Land and Resources, Environmental Issues
Guanabara Bay, Neblina, new settlements, Jau, Amazon region
Concern for the environment in Brazil has grown in response to global interest in environmental issues. The clearing of forests in the Amazon Basin to make room for agriculture and new settlements has drawn national and international attention over possible damage to the rain forest. Environmentalists are concerned that the extensive loss of rain forest vegetation, which produces large amounts of oxygen, could have a wider impact on the global environment. However, as of 1996, only 12 percent of the Amazon region was estimated to have been significantly changed.
In many areas of the country, the natural environment is threatened by development. Highway construction has opened up previously remote areas for agriculture and settlement; dams have flooded valleys and inundated wildlife habitats; and mines have scarred and polluted the landscape. Rapid growth of urban areas has also contributed to pollution. There have been some efforts to deal with the problems of urban pollution, including cleaning up Guanabara Bay in Rio de Janeiro, the Tiete River in Sao Paulo, and the heavily polluted industrial town of Cubatao, near Sao Paulo.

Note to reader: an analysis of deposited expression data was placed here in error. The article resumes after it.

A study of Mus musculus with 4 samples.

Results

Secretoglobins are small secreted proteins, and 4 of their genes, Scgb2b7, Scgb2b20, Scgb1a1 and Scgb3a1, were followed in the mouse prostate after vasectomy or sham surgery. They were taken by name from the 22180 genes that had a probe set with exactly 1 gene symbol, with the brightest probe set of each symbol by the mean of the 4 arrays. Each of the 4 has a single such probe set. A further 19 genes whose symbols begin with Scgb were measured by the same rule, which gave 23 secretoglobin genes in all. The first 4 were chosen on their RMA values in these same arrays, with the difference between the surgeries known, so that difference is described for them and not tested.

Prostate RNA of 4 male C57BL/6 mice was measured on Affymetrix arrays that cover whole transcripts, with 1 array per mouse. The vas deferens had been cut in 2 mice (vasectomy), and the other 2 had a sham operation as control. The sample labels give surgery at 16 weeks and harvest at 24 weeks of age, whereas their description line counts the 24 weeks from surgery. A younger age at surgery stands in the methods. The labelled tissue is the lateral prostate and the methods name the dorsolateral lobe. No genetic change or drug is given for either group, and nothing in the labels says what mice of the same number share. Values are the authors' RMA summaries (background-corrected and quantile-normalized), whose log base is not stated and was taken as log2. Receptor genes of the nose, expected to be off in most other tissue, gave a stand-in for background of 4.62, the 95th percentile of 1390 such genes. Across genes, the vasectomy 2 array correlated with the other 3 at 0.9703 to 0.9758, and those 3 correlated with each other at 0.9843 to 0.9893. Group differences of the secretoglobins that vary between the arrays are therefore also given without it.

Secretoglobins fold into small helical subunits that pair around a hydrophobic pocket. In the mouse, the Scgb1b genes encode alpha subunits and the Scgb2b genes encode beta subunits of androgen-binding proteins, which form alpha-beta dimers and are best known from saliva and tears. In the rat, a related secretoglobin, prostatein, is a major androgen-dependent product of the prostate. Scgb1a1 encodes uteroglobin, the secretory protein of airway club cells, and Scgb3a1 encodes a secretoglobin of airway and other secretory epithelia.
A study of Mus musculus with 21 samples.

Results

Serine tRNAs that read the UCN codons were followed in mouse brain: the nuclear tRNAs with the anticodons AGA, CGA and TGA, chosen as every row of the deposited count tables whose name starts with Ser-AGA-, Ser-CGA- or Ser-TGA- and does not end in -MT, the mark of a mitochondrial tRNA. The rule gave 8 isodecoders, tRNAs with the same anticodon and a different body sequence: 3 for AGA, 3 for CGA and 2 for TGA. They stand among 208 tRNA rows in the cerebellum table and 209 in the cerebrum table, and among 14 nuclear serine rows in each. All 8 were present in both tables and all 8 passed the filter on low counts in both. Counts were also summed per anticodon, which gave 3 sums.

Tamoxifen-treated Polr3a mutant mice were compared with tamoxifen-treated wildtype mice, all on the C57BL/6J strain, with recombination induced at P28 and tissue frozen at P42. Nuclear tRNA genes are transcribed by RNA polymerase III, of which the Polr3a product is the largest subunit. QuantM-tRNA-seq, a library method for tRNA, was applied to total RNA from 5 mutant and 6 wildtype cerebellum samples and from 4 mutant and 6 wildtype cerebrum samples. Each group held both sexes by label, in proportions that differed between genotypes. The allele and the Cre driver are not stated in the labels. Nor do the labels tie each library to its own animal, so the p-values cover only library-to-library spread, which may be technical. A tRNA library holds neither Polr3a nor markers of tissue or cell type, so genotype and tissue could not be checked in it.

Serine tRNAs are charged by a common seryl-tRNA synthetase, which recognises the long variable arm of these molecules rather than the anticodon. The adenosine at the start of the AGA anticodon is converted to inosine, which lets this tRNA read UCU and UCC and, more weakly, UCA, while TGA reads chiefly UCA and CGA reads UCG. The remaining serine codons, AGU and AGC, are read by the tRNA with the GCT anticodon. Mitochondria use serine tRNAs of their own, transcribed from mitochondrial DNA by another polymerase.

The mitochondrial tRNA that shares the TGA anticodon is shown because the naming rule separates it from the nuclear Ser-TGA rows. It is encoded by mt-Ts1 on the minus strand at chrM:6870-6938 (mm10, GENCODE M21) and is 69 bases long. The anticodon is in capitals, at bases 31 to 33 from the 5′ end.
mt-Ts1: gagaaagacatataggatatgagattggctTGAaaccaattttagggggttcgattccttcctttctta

Brazil has many different types of environmental conservation units throughout the country, including national and state parks, reserves, forests, and natural monuments. The first national parks were created in 1937 in an effort to provide environmental protection. The largest national parks are those of Jau and Pico da Neblina in the state of Amazonas, with areas in excess of 2 million hectares (5 million acres). In 1973 a government department for the environment was established. There is now a wide range of protected areas in addition to the national parks; they include forest parks, ecological parks, natural monuments, biological reserves, and areas of ecological protection. Many state governments have designated protected areas, and land set aside for indigenous peoples also serves as nature reserves.
The largest single protected area is the National Forest of Rio Negro, also in Amazonas, with more than 3.7 million hectares (9.1 million acres). Designating sites does not necessarily mean that they can be securely protected, however. The government often lacks the resources or the will to stop ranchers and farmers who move into these protected areas. The country also faces conflicts in reconciling economic development and environmental conservation, and in allocating scarce investment funds to preserving the environment. However, the growth of ecological tourism may be one area in which conservation will be able to generate its own funds.